People arrive at Minkammen, a small South Sudan port yesterday, fleeing violence in Bor region. South Sudan's young democracy risks "shattering" amid fierce fighting which has cost over 1,000 lives, a top US official warned yesterday. Photo: AFP
South Sudan's government said yesterday it was battling to retake the key rebel-held town of Bentiu, as thousands of civilians continued to flee fighting across the country.
The ongoing fighting, mainly in the oil-rich north and around Bor in the centre, came as peace talks being held in neighbouring Ethiopia appeared to be deadlocked.
The rebels say they will only agree to a ceasefire if the government frees a group of alleged coup plotters detained after the fighting began more than three weeks ago, although the government has ruled this out.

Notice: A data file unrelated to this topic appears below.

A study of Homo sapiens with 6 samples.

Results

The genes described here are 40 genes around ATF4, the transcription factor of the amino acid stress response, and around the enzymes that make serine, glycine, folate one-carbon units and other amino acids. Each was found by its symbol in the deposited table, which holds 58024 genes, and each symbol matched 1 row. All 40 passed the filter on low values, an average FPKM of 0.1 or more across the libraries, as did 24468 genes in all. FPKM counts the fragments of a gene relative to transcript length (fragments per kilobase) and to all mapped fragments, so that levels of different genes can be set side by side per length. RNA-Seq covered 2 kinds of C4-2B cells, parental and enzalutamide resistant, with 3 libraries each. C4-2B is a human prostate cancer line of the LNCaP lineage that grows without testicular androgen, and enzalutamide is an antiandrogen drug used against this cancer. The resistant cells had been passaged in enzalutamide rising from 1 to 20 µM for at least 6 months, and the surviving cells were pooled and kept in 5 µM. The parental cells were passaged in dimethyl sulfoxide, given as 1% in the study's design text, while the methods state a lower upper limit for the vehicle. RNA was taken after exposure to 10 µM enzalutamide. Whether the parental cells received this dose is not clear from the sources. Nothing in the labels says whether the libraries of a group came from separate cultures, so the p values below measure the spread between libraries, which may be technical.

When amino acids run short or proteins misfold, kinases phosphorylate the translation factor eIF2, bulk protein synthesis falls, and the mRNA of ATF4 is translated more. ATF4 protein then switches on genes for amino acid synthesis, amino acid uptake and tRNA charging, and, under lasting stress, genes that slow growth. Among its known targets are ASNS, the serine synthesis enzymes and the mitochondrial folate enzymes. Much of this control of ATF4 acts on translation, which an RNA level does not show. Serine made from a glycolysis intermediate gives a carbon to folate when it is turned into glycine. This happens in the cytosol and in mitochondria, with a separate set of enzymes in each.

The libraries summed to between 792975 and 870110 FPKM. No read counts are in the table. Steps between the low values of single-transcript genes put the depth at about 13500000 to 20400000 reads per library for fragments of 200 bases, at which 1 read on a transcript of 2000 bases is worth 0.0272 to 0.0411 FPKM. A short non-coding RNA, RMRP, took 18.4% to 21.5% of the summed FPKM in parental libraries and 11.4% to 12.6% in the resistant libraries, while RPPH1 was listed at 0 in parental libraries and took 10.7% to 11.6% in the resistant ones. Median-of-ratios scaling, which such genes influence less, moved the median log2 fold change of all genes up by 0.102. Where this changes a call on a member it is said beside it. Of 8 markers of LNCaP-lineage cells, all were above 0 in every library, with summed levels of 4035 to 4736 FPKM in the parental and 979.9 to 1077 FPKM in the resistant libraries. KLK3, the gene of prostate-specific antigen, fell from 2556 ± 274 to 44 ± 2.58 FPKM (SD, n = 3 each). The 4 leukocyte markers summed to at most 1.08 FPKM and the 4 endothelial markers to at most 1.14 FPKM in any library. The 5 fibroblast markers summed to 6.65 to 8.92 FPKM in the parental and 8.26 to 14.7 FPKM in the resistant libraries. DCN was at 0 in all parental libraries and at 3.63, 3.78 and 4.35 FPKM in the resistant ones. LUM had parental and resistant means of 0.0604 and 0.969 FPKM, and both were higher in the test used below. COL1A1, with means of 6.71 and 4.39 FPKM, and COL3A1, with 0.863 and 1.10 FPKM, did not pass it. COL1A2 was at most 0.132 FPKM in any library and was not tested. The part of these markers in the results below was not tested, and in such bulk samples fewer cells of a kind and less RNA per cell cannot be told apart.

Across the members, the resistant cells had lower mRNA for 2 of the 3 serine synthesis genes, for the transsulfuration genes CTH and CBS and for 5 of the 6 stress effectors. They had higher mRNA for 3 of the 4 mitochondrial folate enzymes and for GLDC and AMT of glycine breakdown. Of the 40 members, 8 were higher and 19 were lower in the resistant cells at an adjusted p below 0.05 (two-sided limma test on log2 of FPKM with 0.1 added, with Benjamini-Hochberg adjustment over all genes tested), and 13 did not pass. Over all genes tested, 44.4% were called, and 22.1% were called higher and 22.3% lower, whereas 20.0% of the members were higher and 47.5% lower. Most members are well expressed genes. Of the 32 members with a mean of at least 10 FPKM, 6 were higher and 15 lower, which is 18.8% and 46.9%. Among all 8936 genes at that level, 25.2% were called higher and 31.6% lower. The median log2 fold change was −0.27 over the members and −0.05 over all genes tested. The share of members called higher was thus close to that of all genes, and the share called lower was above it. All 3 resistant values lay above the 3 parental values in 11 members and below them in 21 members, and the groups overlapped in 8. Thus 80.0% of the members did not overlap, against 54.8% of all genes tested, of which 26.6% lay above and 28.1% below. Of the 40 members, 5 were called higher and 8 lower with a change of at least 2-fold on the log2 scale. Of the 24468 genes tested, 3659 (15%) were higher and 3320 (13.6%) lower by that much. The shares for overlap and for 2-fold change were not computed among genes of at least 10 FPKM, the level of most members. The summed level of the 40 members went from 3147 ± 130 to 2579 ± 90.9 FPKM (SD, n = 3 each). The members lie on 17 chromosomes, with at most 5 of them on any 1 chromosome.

Army spokesman Philip Aguer told AFP that troops loyal to President Salva Kiir were now "next to Bentiu," capital of Unity State and one of South Sudan's main oil-producing areas, and that clashes were continuing yesterday.
He added that government troops were also some 15 kilometres from Bor, capital of the restive Jonglei state and situated 200 kilometres north of Juba the only other major town in rebel hands.
An AFP correspondent in Minkammen, on the other side of the swamps of the crocodile-infested White Nile river from Bor, said hundreds of people are making a perilous journey by boat and on foot to escape the fighting, joining 80,000 others -- the single largest concentration of people displaced by the conflict.
Unity State is where much of fledgling oil producer South Sudan's best-quality crude is pumped. The country's oil production has dropped by around a fifth since the fighting began, depriving the impoverished nation of a key source of foriegn currency.